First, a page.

My paternal grandmother fit the stereotypical “grandma” mold. She was plump, always wore shirt-waist dresses with lace-up sensible shoes and her hair back in a tight bun. But her sweet look belied a wicked sense of humor. When she was in her late 70s, she told my dad she was growing weary of being old. Dad tried to cheer her up by saying, “Oh, Mother, you have many good years ahead of you!” My grandmother paused, looked thoughtful and replied, “Dick, you know those pictures of shrunken heads in National Geographic?” Another long pause, “I’d prefer not to look like that.”
I was reminded of this by an article on Medicalnewstoday.com that reported a Pew survey showing most Americans don’t want to live to age 120 as futurists predict. When asked on the survey if they would use medical treatments that would extend their lives to 120 or more, 56 percent of those 18 and older said no. When asked about lifespan, 69 percent said they’d like to live to between 79 and 100 years. The median average of the answers was age 90, which the article states is 11 years more than the current average life expectancy of Americans.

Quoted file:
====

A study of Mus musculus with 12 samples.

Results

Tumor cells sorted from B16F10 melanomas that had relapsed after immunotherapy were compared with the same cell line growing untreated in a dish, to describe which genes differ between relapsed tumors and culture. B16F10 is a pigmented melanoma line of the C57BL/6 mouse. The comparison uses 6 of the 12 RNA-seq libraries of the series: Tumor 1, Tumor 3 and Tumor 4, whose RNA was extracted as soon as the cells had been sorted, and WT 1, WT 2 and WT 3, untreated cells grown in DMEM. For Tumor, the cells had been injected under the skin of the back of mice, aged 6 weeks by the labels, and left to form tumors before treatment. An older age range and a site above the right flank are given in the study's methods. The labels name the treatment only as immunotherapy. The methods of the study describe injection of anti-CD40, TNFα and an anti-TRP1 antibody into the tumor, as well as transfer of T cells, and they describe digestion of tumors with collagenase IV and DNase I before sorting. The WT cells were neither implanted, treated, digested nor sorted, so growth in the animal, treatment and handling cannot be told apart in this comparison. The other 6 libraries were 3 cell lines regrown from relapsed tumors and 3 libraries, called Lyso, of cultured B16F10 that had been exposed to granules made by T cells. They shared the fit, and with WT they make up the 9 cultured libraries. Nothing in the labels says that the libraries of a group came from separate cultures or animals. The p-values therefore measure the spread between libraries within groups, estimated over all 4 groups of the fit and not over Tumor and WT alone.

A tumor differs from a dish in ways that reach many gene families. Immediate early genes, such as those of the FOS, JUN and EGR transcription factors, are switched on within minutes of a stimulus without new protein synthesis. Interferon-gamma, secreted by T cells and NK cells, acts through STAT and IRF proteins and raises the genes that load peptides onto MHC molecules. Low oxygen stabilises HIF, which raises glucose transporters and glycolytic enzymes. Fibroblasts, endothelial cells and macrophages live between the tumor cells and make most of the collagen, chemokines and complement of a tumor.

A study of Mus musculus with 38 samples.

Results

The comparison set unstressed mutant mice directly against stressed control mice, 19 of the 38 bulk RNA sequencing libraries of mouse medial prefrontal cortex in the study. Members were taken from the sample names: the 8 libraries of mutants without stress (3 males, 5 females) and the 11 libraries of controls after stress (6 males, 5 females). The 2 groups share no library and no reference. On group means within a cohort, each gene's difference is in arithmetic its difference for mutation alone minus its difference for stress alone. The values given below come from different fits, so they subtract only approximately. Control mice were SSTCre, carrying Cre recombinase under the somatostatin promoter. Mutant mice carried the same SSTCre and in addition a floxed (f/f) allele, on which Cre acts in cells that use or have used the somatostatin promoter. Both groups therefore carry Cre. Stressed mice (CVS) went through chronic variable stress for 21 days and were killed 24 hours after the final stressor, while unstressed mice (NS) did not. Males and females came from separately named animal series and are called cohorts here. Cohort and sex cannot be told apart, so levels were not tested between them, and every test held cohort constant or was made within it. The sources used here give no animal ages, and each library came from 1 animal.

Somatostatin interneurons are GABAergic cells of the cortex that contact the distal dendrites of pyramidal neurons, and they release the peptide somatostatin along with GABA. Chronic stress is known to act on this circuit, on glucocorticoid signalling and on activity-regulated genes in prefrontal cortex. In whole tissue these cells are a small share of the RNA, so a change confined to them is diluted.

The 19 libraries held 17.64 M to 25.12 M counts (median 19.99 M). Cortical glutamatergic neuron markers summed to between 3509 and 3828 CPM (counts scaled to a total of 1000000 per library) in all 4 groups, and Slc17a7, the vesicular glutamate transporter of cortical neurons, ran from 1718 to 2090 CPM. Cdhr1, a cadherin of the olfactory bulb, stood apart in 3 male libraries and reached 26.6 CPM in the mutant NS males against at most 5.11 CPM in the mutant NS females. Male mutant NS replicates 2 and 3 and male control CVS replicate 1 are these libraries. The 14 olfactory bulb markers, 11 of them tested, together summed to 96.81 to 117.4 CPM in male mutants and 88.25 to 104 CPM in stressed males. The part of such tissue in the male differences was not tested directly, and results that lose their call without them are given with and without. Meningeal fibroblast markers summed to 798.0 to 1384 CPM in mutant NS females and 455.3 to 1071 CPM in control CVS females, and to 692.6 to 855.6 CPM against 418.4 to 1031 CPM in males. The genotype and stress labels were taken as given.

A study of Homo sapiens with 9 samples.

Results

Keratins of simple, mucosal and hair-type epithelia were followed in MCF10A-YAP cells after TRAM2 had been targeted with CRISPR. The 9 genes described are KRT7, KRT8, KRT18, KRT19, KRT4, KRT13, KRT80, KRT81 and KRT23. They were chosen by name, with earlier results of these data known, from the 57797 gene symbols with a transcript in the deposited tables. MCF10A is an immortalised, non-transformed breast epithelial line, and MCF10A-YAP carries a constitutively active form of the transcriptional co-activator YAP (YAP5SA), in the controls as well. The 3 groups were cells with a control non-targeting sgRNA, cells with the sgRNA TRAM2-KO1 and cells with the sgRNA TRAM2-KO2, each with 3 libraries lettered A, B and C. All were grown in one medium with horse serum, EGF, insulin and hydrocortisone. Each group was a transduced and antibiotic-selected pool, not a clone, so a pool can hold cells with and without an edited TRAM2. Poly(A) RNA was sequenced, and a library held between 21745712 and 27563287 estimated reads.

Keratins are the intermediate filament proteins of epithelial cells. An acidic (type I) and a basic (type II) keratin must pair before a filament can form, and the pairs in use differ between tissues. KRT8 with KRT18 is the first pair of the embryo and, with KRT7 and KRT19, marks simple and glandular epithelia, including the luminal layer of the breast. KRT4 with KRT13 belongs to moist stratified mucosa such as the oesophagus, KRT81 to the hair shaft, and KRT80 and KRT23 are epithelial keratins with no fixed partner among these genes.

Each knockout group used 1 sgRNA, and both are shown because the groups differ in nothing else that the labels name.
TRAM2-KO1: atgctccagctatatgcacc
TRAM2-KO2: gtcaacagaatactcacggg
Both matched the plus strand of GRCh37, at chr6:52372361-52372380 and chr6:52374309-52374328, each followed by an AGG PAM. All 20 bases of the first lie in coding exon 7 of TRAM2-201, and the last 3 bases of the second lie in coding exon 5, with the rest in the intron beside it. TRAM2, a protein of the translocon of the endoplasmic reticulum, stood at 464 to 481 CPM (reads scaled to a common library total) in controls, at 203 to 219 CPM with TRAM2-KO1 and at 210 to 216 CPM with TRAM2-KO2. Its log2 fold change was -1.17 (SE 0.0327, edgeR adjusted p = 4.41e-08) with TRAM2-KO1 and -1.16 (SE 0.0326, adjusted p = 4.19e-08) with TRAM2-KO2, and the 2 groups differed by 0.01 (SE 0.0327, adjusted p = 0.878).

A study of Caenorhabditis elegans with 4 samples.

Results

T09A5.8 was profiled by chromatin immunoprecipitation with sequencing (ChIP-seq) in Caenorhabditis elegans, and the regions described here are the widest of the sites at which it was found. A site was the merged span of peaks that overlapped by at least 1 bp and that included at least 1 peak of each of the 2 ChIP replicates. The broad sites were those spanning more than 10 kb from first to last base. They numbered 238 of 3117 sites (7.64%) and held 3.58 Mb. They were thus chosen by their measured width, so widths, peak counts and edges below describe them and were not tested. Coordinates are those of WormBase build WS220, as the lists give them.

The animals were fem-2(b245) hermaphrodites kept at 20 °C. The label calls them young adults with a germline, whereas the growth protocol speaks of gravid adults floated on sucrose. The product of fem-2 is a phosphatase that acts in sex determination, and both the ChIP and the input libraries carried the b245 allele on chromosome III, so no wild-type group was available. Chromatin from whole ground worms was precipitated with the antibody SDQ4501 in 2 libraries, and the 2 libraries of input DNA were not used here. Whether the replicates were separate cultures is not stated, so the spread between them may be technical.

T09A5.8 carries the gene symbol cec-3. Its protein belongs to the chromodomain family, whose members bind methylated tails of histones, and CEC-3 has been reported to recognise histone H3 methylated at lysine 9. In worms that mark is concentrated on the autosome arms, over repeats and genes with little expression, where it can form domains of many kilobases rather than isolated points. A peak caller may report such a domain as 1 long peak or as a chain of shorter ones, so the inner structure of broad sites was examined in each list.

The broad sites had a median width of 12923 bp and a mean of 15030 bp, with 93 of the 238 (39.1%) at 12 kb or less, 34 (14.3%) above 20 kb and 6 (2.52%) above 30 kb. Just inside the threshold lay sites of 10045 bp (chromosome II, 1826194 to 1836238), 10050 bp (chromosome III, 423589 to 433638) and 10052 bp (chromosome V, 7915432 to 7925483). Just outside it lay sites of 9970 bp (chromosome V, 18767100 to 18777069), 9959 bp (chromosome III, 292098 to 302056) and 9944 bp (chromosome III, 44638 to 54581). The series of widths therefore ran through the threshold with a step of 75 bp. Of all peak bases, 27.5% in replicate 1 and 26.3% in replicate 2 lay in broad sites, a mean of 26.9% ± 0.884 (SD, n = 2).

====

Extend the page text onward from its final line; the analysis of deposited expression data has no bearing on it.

Survey participants seemed to be accepting of the rapidly aging population, with almost 90 percent reporting either that having more older adults in the population was a good thing or did not make much difference to them. Attitudes about the future of science related to health and aging were mostly positive. 70 percent of the respondents believe most forms of cancer will be curable by 2050 and two-thirds see medical innovations that extend the lifespan to be a good result.
On a negative note, 41 percent of survey respondents said medical treatments today frequently produce as many problems as they fix. Only 24 percent reported having confidence that new medical treatments are as carefully tested as needed before being offered to patients.